From Chinese Press

US should stop acting like 'preacher' of human rights

By Wen Xian (
Updated: 2011-04-13 11:00

However, what we see in the report is not an "honest compendium of global human rights issues," as U.S. Secretary of State Hillary Rodham Clinton described it, but rather the hackneyed Cold War mentality and two faces of might as well as hypocrisy.

The report, a product of the Cold War, is a tool that the United States has used to assert its right to interfere with other countries' internal affairs in the name of human rights from the very beginning.

The U.S. Department of State has handed over the annual report to U.S. Congress since the middle of 1970s, and it originally targeted countries who accepted aid from America. Congress would decide whether continue to deliver assistance to those countries according to their human rights situation as determined by the report. Later, the report expanded its scope to include all the member countries of the United Nations.

Although today's world is no longer stuck in an old period when nearly everything was decided by only one country, the "35th Country Reports on Human Rights Practices" has not advanced with the times.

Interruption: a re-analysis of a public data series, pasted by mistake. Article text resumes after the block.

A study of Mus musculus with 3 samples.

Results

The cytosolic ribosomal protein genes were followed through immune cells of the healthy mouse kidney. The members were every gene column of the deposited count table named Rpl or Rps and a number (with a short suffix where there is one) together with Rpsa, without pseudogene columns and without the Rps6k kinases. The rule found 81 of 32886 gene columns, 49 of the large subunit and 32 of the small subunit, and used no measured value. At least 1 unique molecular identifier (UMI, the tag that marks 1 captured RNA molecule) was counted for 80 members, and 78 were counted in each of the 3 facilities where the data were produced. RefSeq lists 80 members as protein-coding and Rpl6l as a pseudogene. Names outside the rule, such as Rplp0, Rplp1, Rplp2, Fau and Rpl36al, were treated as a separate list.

From the release of the report, we can see that the United States still regards itself as the only country allowed to govern all others, and it obviously indicates the might and overbearing nature of the United States on human rights. The reports evaluate the human rights situation in more than 190 countries but only excludes its own the United States, which places it in the position of a "preacher of human rights" for the whole world.

Then, what about the situation of human rights in United States?

Actually, the American government even admitted that the situation of human rights within the county is "not perfect."

There are 50.5 million Latin-Americans living in the United States according to its 2010 Census results. However, many of those who are in this rapidly-growing group of people are illegal immigrant and are called "undocumented workers." Most of them can only earn their living through physical labor. Why is the United States not launching a human rights program targeting this group of people?